John Dickinson, The Letters of Fabius, in 1788, on the Federal Constitution, and in 1797, on the Present Situation of Public Affairs. Wilmington: From the office of the Delaware gazette, by W.C. Smyth, 1797.
The Letters of Fabius are among Dickinson’s most important political writings in defense of the work of the Constitutional Convention. Dickinson chose the pseudonym “Fabius” in honor of Quintus Fabius Maximus (c. 280 BC – 203 BC), the Roman general whose guerilla warfare strategy helped save the Empire from the invading armies of Hannibal and was subsequently adopted by General George Washington as a strategy against the British forces. Dickinson writes in favor of the new Constitution and warns against the danger to the fledgling nation should it fail to be ratified.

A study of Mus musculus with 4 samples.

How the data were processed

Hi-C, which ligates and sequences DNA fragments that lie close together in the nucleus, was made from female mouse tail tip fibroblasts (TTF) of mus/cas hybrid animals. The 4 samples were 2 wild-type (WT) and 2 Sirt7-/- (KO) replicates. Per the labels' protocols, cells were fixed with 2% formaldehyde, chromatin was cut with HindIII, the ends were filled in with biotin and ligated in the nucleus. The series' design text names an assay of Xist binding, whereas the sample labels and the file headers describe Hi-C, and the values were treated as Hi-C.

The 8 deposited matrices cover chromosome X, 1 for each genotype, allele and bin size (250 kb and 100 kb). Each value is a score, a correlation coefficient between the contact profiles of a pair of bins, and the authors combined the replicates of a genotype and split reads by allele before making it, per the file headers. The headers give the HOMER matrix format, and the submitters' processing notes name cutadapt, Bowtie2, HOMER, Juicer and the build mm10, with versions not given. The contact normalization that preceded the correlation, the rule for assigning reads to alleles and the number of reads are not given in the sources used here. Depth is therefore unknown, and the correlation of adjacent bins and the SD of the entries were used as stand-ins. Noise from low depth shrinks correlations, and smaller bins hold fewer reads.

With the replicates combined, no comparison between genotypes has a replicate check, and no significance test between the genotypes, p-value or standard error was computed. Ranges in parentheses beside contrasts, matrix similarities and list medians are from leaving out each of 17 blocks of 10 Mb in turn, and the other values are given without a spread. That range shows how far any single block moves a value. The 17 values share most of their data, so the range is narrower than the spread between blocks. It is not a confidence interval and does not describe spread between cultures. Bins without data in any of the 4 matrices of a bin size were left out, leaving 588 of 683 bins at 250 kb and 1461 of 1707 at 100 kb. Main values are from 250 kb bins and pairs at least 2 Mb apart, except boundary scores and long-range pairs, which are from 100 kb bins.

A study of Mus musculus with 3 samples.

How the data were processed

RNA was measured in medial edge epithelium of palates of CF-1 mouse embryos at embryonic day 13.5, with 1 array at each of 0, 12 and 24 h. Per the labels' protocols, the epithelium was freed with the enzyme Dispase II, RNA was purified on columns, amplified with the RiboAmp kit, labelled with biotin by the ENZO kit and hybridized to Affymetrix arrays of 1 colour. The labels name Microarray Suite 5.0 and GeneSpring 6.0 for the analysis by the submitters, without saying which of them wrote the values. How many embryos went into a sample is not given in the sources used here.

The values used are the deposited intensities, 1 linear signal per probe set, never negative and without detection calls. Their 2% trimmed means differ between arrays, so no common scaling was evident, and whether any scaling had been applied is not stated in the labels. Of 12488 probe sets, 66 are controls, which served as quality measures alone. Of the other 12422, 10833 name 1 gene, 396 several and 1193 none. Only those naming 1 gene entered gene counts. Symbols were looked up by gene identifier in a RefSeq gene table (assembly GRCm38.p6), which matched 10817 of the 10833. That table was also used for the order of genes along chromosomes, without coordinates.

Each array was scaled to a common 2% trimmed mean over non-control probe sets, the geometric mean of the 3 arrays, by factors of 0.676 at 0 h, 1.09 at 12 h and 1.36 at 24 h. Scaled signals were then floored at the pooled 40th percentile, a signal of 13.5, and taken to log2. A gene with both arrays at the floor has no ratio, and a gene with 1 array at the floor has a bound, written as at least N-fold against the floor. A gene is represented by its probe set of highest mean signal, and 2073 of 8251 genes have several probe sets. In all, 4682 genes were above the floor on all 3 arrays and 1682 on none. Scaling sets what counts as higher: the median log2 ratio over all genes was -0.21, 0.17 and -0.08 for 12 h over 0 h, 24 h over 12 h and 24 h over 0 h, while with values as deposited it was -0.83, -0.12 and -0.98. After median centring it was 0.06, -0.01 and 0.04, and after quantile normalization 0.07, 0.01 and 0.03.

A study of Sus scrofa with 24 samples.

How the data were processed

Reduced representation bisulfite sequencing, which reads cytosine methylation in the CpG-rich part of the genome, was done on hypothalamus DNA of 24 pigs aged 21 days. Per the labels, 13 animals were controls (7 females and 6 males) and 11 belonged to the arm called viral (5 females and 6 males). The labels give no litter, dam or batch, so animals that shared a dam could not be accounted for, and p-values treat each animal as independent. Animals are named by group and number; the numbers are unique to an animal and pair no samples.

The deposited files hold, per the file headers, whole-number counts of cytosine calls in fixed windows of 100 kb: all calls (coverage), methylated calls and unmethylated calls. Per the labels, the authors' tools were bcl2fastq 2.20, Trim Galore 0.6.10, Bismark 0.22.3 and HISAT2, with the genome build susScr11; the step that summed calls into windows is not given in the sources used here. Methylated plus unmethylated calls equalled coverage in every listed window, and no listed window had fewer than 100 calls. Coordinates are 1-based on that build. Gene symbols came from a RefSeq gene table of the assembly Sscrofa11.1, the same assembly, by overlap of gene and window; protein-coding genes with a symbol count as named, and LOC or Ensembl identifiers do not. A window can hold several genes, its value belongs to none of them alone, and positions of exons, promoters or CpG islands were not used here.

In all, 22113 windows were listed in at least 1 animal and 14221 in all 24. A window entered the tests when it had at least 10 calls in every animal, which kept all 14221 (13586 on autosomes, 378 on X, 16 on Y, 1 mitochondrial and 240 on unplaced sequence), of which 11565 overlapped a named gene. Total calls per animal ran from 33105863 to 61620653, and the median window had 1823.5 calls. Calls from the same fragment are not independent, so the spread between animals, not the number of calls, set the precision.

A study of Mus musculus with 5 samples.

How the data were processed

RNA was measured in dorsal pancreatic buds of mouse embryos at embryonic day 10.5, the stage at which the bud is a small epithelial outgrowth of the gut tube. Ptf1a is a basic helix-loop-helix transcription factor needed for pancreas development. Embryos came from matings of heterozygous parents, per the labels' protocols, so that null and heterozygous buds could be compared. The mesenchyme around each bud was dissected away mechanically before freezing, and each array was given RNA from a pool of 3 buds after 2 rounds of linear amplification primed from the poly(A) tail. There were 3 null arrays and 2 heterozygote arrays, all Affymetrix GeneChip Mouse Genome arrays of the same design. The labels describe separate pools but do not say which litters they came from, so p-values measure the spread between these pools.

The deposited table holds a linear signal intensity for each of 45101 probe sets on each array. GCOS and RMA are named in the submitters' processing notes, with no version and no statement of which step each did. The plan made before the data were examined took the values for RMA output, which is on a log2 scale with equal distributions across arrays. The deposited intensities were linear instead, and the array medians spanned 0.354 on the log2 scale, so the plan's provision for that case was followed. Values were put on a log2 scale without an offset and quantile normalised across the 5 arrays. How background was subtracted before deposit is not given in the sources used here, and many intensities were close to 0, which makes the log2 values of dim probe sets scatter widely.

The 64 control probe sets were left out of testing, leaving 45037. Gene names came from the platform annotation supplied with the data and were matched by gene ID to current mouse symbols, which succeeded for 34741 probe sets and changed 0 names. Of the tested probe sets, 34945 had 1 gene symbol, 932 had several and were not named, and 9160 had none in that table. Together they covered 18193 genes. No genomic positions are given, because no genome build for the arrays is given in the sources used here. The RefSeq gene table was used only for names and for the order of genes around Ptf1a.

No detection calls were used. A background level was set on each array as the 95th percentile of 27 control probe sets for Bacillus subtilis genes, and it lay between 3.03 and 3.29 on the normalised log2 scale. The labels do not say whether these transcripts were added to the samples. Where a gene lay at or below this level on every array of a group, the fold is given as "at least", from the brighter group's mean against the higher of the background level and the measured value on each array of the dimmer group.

This copy bears the signature of Caleb P. Bennett, a veteran of the American Revolution and the War of 1812, who served as Governor of Delaware.
John Dickinson, Autograph letter to Joseph Bringhurst, [n.d.], 1 p.
Dr. Joseph Bringhurst (1767-1834) maintained a successful medical practice in Wilmington, Delaware. Bringhurst was also a politically engaged and socially active member of post-Revolution American society. Most notably, he was an intimate friend of fellow Quaker and prominent Revolution-era figure John Dickinson. Bringhurst was a frequent correspondent of Dickinson’s and in this letter to his good friend, Dickinson recounts a dream he had involving Ziba Ferris, who was the father of Bringhurst's wife, Deborah Ferris Bringhurst.